Government to spend R68m on social grant fraud probe
The government is to spend R68m to investigate social grant fraud.
Social development minister Lindiwe Zulu “strongly” condemned criminal syndicates, whom she said exploited the vulnerability of people without shame and undermined the government's efforts to tackle poverty. She was delivering her department's budget in parliament on Thursday.
The government suspended 2,800 social grant accounts that it had identified as being potentially fraudulent early this month. This while the chief executives of both the South African Social Security Agency (Sassa) and the post office investigate the suspected fraud including complaints from social grant beneficiaries received in the last 18 months.
Zulu said in this regard, she and communications and digital technologies minister Stella Ndabeni-Abrahams were expecting a comprehensive report and action to address this matter.
“The days of rampant fraud and corruption and massive illegal deductions are numbered,” she warned and vowed to “keep a close watch on fraud and corruption because social grants are meant for the poor and vulnerable”.
The R68m allocation for the investigation of social grant fraudulent activities was just for the current financial year, said Zulu. It is not clear who will be doing the actual investigation.
Zulu said her department was improving social grant beneficiaries’ experience by, among other things, ensuring that payments were done through multiple access channels such as the post office outlets, cash pay points, retail stores and automated teller machines. “Most importantly, we will remain vigilant more than ever before to ensure that social grants are paid to eligible beneficiaries njalo (all the time).”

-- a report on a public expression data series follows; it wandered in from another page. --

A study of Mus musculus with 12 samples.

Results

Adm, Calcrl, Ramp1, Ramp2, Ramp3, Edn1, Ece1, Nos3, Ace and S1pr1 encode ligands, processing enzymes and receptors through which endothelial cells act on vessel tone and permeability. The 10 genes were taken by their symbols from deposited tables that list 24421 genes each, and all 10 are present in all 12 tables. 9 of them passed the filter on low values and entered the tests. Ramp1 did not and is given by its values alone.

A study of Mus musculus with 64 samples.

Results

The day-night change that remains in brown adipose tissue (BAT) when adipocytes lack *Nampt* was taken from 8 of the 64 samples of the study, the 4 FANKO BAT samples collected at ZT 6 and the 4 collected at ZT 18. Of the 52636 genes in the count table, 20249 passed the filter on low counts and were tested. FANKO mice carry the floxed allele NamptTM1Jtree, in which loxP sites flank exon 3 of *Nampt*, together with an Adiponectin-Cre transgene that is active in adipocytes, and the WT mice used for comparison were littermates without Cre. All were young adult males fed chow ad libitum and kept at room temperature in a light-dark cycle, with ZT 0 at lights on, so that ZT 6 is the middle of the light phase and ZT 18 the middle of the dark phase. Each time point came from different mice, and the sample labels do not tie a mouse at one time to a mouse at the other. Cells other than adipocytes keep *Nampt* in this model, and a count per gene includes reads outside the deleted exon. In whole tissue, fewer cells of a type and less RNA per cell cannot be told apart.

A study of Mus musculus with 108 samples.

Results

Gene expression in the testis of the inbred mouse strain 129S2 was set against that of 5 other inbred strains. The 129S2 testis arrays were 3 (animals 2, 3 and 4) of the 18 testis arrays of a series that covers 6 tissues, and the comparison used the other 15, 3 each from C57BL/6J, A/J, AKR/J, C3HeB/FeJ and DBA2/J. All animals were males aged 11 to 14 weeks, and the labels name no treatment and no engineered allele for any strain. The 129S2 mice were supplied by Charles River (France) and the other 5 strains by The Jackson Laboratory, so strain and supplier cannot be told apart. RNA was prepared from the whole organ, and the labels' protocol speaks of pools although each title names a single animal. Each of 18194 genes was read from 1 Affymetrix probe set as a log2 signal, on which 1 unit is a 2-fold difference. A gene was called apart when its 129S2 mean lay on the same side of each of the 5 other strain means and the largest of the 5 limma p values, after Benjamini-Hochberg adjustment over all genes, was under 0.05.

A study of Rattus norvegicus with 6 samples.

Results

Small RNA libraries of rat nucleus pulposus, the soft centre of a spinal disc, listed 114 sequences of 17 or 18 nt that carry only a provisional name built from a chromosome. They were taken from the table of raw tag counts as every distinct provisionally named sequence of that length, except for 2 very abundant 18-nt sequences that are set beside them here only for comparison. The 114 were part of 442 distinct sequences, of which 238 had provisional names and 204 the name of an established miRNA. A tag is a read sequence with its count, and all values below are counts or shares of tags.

Of the department's R184bn allocation for the current financial year, R175bn, which constitutes 94.8% of the department’s budget allocation over the medium term expenditure framework period, is a direct transfer to social grants beneficiaries. Zulu said expenditure on this programme increased at an average annual rate of 7.6%, from R162.9bn in 2018/19 to R202.9bn in 2021/22.
The department will transfer R212m to the NDA and R518m of the early childhood development conditional grant to provinces. The balance goes to the department and Sassa for administrative costs.
The government extended social grants from two million beneficiaries in 1994 to over 17 million. Of this number, 12.5 million receive child support grants, 3,5 million old age grants and just over one million people disability grants.
The balance covers care dependency, foster care, grant-in-aid and war veterans'' grants.
“These are the ANC government’s achievements worth noting,” said Zulu.
She spoke about how the democratic government had inherited a fragmented and discriminatory social security system that catered for a few along racial lines.
“Twenty-five years down the line, we have not only eliminated the barriers that excluded the majority of our people, but we have also extended coverage to the most vulnerable in our society,” she said.
Zulu noted that for two successive financial years, the social assistance programme had shown growth, with total uptake increasing by 1.7 % between 2017/18 and 2018/19, while the older persons grant grew by 3.8% and the child support grant by 1.5%.
Zulu revealed that she held her first meeting with MECs on Wednesday, where they unanimously agreed on certain priority areas over the MTEF period.
These include'd fighting the scourge of alcohol and substance abuse, child abuse, neglect and exploitation and gender-based violence.
Zulu said they would also seek to improve the provision of developmental welfare and community development services to deliver better results for the most vulnerable.
“We have committed ourselves to clean governance and administration that create a sense of certainty to deliver our services timeously and with honesty,” she added.